A remark made by SEC Chairman Jay Clayton earlier this month, which suggested investment advisors bound by the fiduciary duty can in fact get around it, has left many experts confused, according to news reports. And that’s exactly what the SEC hopes to address as part of its proposed overhaul of the investment advisor and broker standards, an SEC director tells InvestmentNews.

Clayton appeared earlier this month in front of the Senate Banking Committee, in part to discuss the SEC’s proposed Regulation Best Interest. And in reply to Sen. Elizabeth Warren, D-Mass., about the proposal, he called the requirement placed on advisors to put their clients’ interests first a “baseline standard” that advisors were allowed to “contract around” in their agreements with clients, InvestmentNews wrote at the time.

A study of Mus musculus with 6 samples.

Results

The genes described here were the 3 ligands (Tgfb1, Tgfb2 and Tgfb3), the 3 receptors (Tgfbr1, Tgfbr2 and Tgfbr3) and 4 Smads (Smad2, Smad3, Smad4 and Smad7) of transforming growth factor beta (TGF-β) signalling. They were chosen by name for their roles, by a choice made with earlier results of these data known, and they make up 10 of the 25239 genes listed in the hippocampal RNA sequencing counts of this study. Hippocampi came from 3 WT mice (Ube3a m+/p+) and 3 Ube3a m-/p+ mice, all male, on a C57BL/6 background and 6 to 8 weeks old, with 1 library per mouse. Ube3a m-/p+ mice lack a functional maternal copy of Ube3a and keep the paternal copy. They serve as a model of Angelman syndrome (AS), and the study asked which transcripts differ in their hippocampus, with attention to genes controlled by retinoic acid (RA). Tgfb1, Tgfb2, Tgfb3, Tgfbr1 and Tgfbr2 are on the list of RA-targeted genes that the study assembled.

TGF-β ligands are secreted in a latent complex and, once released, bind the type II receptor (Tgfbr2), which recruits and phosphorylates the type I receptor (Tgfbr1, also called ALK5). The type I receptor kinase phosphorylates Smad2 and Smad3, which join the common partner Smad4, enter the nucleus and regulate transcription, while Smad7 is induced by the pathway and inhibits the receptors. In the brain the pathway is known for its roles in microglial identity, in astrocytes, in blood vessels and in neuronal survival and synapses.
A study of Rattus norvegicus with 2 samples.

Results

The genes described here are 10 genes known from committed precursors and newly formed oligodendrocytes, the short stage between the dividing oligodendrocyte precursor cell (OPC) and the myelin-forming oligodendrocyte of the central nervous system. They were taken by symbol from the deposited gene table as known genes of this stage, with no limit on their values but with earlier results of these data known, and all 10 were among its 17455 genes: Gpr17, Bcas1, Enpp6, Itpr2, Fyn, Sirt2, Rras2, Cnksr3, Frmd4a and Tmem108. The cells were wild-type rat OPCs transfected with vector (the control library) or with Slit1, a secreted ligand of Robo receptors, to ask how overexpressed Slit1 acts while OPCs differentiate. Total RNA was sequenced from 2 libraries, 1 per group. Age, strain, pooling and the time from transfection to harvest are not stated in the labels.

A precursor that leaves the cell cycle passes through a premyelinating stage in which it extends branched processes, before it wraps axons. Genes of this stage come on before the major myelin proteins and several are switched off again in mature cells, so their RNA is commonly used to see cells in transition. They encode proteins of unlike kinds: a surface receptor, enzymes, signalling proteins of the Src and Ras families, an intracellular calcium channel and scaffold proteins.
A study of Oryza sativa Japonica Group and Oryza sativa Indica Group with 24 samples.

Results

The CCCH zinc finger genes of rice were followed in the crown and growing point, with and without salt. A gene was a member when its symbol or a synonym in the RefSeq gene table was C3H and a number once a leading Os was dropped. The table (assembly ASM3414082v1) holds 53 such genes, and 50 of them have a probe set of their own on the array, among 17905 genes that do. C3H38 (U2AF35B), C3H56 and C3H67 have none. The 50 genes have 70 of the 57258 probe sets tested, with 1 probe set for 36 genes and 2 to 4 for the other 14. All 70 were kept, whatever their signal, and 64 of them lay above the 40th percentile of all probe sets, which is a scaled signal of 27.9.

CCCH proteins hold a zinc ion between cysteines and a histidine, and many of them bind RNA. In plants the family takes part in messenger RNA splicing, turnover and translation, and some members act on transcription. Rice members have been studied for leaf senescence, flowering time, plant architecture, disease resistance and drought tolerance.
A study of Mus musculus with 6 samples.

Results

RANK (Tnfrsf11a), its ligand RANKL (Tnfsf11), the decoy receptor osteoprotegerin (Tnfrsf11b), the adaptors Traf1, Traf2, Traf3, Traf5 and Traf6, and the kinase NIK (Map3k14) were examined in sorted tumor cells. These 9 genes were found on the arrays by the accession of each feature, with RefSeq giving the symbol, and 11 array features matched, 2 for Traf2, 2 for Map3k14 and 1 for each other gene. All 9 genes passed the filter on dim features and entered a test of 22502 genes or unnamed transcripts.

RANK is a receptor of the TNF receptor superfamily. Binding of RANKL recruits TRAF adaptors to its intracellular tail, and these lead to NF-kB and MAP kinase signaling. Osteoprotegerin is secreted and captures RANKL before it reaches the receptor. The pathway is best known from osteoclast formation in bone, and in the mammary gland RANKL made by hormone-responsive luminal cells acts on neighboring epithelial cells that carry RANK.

It was also something Clayton said the SEC wished people were better able to understand. Dalia Blass, director of the SEC's Division of Investment Management, confirms to InvestmentNews the regulator’s intention to help bring that about.

"Although the investment adviser fiduciary duty is not waivable, it is long established that the terms of the investment adviser relationship — and therefore the scope of the investment adviser's fiduciary duty — may be shaped by disclosure and informed consent," Blass says in a statement to the publication.

Jay Clayton

"This process, including through account agreements and Form ADV, is widely accepted in the industry and provides for arrangements such as limited account services and certain third-party compensation to the investment adviser. The Commission's interpretation, if adopted, will bring greater clarity to these arrangements."